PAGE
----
The small Montana-based power company said it was "very disappointed" with the decision which came after Gov. Ricardo Rosselló called on PREPA to "immediately" cancel the deal.
questions have been raised about how the two-year-old firm from Interior Sec. Ryan Zinke's hometown landed such a lucrative, no-bid contract. Whitefish employed only two full-time staff members before the Category 4 storm struck Puerto Rico more than a month ago.
"The decision will only delay what the people of Puerto Rico want and deserve—to have the power restored quickly in the same manner their fellow citizens on the mainland experience after a natural disaster," Whitefish said in a statement. "We will certainly finish any work that PREPA wants us to complete and stand by our commitments knowing that we made an important contribution to the restoration of the power grid since our arrival on the island on October 2."
Zinke and the White House have denied playing any role in securing the deal. Whitefish CEO Andy Techmanski, who told NBC News that he first made contact with Puerto Rico officials through LinkedIn, also called it a "witch hunt looking for something that does not exist."
PREPA CEO Ricardo Ramos said at a Sunday press conference that the contract is "not canceled as of yet," as it requires 30 days of prior notice.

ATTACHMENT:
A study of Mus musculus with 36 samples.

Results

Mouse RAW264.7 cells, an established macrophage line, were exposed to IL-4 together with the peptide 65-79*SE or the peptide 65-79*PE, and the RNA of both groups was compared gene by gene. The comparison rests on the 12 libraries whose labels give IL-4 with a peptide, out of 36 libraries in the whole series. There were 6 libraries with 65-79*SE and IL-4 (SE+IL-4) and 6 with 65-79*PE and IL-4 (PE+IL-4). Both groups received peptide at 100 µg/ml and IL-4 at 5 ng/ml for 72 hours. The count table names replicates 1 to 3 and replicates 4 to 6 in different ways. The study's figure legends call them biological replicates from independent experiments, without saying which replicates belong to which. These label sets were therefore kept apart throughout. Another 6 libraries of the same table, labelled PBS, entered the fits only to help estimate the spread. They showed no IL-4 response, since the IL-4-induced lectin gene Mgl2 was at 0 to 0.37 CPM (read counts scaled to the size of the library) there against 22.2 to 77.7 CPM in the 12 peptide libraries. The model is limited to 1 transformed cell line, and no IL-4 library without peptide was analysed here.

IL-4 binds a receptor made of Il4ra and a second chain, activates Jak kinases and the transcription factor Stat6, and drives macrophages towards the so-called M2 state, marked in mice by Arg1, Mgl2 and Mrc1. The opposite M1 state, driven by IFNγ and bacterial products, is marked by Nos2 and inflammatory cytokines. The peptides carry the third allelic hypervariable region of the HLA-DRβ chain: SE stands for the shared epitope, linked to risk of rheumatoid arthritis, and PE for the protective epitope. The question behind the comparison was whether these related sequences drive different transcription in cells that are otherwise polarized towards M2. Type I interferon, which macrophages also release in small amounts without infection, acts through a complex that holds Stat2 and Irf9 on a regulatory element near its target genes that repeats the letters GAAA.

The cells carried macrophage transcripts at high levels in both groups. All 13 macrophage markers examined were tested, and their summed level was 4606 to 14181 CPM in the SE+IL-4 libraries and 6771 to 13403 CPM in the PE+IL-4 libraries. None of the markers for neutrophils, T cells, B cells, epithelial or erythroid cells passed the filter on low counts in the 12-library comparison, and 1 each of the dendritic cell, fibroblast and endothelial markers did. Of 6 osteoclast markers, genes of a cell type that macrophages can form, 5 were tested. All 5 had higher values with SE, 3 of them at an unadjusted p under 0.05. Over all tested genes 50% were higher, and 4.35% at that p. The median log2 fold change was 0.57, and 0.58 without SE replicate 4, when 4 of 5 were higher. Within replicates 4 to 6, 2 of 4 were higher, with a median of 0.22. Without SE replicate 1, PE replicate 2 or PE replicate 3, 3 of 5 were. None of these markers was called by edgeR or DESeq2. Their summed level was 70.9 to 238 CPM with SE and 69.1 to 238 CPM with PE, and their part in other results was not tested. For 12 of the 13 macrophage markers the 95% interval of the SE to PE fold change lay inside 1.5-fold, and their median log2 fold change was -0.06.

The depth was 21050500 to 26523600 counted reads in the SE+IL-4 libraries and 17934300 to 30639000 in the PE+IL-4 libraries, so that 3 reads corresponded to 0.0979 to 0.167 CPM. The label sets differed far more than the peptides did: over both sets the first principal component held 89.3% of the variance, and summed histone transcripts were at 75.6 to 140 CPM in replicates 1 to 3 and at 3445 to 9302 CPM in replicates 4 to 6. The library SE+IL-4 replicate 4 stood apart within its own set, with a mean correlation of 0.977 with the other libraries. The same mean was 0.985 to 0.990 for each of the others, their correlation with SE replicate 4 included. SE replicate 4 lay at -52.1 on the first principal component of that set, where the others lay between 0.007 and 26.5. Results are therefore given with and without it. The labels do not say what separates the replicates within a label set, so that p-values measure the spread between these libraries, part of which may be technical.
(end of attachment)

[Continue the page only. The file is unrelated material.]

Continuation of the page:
Ramos said he will need to talk to Whitefish, noting, "the plan is not to demobilize them either, we will let them finish what they have started. As of Sunday, less than 30 percent of Puerto Rico's electricity has been restored.
According to Whitefish, 350 workers have been brought to the island and the company still plans to have 500 total workers this week. It said it had helped restore power to hospitals, businesses and residents of Manati, and will soon complete work on a project to restore power to 500,000 people in the city of San Juan.
"We only wish the best for the great people of Puerto Rico," the firm continued it its statement. "We are very proud of our contributions to the island's recovery and proud of the tremendous work that our team has done under very challenging conditions."
The controversy is unlikely to go away soon. The House Energy and Commerce and Natural Resources Committees are both investigating the issue.
Eyebrows are being raised at the contract itself, which allows for unspecified "allowance for profit on work done" in the event of cancellation.
On top of that, government bodies do not have the right to "audit or review the cost and profit elements."
The Hill reported that FEMA Administrator Brock Long will be testifying at Wednesday's Homeland Security hearing, where lawmakers are sure to grill officials over the contract as well as the federal government's broader response to this season's other devastating hurricanes.
The agency on Friday said it also had "significant concerns" with the deal—which FEMA has to pay for even though PREPA signed the contract.
"Based on initial review and information from PREPA, FEMA has significant concerns with how PREPA procured this contract and has not confirmed whether the contract prices are reasonable," FEMA said in its statement.